New research exploring women’s roles in fishing families has been instigated to examine how women contribute to the survival of both fishing families and the fishing industry, and aims to shed light on women’s roles, identities and wellbeing.
The Women in Fisheries project, which has just launched its new website, will collect data on both sides of the Atlantic - in Newfoundland, Canada and in the UK. Women in Fisheries is also hoping to understand how small-scale fishing families (those using boats under 10m in length) are adapting to a changing environmental and economic climate.
Leading the study is Dr Madeleine Gustavsson, research fellow at the University of Exeter’s European Centre for Environment and Human Health, who said: “Small-scale vessels make up 80% of the fishing fleet in the UK yet receive only 4% of the national fishing quota. By failing to prioritise this industry, many believe the UK government has left the communities that depend upon it vulnerable.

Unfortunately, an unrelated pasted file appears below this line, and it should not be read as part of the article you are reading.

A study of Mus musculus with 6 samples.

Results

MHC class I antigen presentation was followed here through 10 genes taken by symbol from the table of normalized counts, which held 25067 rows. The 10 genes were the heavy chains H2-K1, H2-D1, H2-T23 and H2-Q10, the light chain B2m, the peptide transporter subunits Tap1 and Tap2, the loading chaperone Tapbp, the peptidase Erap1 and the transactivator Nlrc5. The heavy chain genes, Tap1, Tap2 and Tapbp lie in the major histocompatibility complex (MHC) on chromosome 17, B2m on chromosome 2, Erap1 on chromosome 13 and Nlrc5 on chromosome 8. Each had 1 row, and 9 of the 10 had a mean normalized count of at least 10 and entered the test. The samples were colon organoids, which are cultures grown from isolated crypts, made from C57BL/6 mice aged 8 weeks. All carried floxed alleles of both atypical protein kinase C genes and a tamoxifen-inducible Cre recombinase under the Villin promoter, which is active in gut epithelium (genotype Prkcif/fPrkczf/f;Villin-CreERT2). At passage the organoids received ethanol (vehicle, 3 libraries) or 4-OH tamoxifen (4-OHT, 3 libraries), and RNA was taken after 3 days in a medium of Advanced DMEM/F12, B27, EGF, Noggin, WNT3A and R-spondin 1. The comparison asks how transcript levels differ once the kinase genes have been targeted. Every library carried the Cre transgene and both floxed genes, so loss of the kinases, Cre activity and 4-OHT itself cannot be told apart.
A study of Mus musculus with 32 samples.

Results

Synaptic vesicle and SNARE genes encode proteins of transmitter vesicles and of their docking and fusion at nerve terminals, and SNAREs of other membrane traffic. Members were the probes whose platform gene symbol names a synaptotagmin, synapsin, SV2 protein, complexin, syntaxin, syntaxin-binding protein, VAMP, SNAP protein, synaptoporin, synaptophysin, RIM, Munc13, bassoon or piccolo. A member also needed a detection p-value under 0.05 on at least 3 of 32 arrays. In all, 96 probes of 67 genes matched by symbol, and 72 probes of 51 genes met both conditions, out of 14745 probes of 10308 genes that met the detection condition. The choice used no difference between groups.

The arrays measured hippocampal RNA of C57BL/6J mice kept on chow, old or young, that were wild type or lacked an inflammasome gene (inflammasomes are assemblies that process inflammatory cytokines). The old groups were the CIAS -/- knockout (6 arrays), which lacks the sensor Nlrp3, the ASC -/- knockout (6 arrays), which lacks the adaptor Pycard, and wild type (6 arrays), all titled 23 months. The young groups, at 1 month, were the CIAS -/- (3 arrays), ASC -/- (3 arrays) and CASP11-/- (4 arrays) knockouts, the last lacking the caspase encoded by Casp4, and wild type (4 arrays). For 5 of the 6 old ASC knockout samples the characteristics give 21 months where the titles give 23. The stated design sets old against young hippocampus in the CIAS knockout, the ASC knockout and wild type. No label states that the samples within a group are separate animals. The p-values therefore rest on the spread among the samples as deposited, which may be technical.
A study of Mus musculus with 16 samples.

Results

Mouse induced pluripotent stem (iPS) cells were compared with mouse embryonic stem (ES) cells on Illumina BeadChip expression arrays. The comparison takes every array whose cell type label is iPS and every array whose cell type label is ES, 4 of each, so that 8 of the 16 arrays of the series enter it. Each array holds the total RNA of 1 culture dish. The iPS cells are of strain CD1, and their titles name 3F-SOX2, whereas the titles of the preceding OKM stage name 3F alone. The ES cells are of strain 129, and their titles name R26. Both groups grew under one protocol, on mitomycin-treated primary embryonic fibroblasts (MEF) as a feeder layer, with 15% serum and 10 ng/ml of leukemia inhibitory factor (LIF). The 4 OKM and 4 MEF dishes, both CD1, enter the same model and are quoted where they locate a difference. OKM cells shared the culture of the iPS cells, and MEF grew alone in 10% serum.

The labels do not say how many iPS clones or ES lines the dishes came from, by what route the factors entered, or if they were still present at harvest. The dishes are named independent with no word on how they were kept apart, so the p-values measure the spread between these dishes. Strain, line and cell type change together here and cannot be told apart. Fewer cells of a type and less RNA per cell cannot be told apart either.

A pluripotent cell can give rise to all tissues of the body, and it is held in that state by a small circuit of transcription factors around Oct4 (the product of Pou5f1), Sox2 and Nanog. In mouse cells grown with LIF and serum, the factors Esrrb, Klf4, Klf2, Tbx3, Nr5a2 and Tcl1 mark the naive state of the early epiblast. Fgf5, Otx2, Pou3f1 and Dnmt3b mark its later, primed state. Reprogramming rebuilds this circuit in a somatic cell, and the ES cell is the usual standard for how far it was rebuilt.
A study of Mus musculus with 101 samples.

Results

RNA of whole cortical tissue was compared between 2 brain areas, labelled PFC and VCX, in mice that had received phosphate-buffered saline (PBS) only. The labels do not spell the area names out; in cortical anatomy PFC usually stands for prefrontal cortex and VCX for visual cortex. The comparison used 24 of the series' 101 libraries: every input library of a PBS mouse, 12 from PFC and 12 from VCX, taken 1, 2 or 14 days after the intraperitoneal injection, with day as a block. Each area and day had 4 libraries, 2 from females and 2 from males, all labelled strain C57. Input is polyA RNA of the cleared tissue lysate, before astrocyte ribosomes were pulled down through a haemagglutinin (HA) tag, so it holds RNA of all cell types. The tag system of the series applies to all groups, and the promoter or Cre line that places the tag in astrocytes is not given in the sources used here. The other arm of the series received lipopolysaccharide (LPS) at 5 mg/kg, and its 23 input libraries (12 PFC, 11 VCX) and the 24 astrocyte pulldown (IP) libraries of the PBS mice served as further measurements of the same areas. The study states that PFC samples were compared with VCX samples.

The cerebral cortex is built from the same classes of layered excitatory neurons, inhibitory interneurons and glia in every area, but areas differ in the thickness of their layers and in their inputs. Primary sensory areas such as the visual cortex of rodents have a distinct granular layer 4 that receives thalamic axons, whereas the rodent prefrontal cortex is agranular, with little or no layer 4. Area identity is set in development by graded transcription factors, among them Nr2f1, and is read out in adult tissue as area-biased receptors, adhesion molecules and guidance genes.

“Listening to women’s stories is a central part of this research and the new website provides information about how people can sign up and take part. We want to hear from as many women involved in fisheries as possible, whatever their roles might be.”
The site features a regularly updated news section where people can follow the project’s progress; read about latest research; and hear about other efforts to improve recognition of women in fisheries on local and international levels.
Funded with support from an Economic and Social Research Council New Investigator grant, the project runs until the end of 2020 and will work closely with small-scale fisheries practitioners and advocacy groups: AKTEA (European network for women in fisheries and aquaculture), LIFE (Low Impact fishers of Europe) and the Coastal Producer Organisation.